Ramstein airman guilty of arson at base dormitory
June 10, 2006
KAISERSLAUTERN, Germany — A military jury Friday found a Ramstein-based airman guilty of conspiracy and arson at a court-martial for his role in a fire at a base dormitory last year.
The panel of eight Air Force officers found Airman Jason E. Estell not guilty of two charges of maliciously setting two other fires in the dormitory and charges of impeding the investigation of another airman.
Estell, 20, who is assigned to the 723rd Air Mobility Squadron, stood stoically as the jury delivered the verdict after deliberating for less than two hours. The jury planned to arrive with a sentence late Friday evening after testimony from witnesses for the defense and prosecution.
Estell, who pleaded not guilty to all the charges, had faced as much as 32 years in prison if convicted of all counts.
The jury acquitted Estell of setting two of three fires in the dormitory last September even though an Air Force special agent testified on Friday that Estell confessed during an Oct. 5 interview to taking part in the fires.
Air Force Office of Special Investigations agent Dave Yeager testified that Estell initially denied any involvement in the fires but later changed his story. Estell said he approached a friend, Airman 1st Class David A. Hill, about starting the fire because he wanted to get a female airman out of the dormitory so he could talk with her, Yeager said.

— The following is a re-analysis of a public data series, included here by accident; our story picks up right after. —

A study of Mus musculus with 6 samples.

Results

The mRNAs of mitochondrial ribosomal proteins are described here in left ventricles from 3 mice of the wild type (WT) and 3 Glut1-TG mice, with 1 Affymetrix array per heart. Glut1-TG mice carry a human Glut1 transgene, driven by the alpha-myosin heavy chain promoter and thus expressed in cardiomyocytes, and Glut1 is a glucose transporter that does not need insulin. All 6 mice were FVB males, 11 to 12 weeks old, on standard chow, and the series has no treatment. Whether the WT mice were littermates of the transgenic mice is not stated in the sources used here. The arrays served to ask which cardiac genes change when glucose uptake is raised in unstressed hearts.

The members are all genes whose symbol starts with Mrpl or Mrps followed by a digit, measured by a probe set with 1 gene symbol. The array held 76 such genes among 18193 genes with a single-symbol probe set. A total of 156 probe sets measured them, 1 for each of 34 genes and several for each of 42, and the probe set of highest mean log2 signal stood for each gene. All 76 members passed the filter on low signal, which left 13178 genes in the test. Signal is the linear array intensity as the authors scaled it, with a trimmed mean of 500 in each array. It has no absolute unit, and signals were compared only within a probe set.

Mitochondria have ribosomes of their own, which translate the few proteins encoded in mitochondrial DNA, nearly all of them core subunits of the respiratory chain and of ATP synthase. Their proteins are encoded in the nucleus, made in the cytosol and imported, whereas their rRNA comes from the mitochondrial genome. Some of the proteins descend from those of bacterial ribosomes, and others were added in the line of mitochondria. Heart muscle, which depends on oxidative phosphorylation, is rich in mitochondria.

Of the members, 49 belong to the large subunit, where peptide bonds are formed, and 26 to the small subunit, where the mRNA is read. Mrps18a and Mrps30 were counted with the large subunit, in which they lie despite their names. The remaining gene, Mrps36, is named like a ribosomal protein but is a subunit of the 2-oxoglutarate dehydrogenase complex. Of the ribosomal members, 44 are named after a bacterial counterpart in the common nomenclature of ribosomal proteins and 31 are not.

Estell said he stood lookout as Hill lit a candle and tossed it in a dormitory trash can, Yeager said. Hill later lit another fire in a dormitory storage room using a ball of paper soaked in lighter fluid while Estell stood nearby to see if anybody was coming.
Estell also confessed to starting a third fire the following day, Yeager said. He told Yeager he was out with friends Sept. 30 at the enlisted club on base.
At one point during the evening, he told the friends he was going to the bathroom but instead went back to his dormitory and set fire to a pile of laundry on a dryer.
Prosecutor Capt. Darren Eicken argued during the trial that Estell purposely set the fire to take heat off Hill, who was being questioned by Air Force investigators about the previous fires.
Hill, a witness for the prosecution, testified that Estell wanted to “scare a girl” living in the dorm by starting the fires and he agreed to help.
Hill, who was convicted last week of arson and conspiracy and sentenced to nine months in prison, said when they started to see smoke he ran upstairs to tell the residents there was a fire while Estell ran outside. Between 70 and 80 airmen live in the dormitory and about 35 were in their rooms at the time of the fire.
Nobody was injured, but the Air Force estimates the fires caused more than $18,000 in damages.